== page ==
It is common for people to make jokes or excuses about how little sleep they get each night, but job-related injuries due to fatigue are no laughing matter. Failing to get a good night’s rest can result in serious accidents at work.
According to the CDC, a broad description of fatigue is feelings of tiredness, weariness or a lack of energy. In the workplace, fatigue can occur from an irregular schedule, extended work hours or a night shift.
The cost of workplace fatigue
Workplace fatigue results in lost productivity, to the tune of $1,200 to $3,100 per employee each year. As a whole, employers across the nation lose nearly $136 billion annually because of health-related production drops. Those who work night shifts, irregular shifts or long shifts are at a higher risk for sleep deprivation, although workplace factors like stress, demanding tasks or hot environments contribute to fatigue developing during each shift. When fatigue is present, the risk of safety concerns increases.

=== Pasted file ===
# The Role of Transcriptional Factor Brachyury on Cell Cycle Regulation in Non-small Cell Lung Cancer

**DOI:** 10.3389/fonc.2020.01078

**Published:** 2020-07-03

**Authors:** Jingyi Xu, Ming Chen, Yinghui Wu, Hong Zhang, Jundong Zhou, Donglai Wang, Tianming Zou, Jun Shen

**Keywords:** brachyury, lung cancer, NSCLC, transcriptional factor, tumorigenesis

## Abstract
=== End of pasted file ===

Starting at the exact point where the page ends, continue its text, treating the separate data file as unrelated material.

The safety concerns with workplace fatigue
Many times, employees are eligible to receive workers’ compensation benefits regardless of fault. However, many employees could contribute to these accidents by operating equipment, driving or performing tasks while fatigued. Fatigue can:
- Impair judgment
- Reduce concentration
- Cause cognitive delays and processing times
- Reduce reaction times
- Cause migraines or blurred vision
- Limit short-term memory and retention
Although there are laws in place that limit arriving to work while under the influence, losing two hours of sleep at night is the equivalent of consuming three beers. Few individuals realize the significant impact fatigue has on workplace accidents and injuries.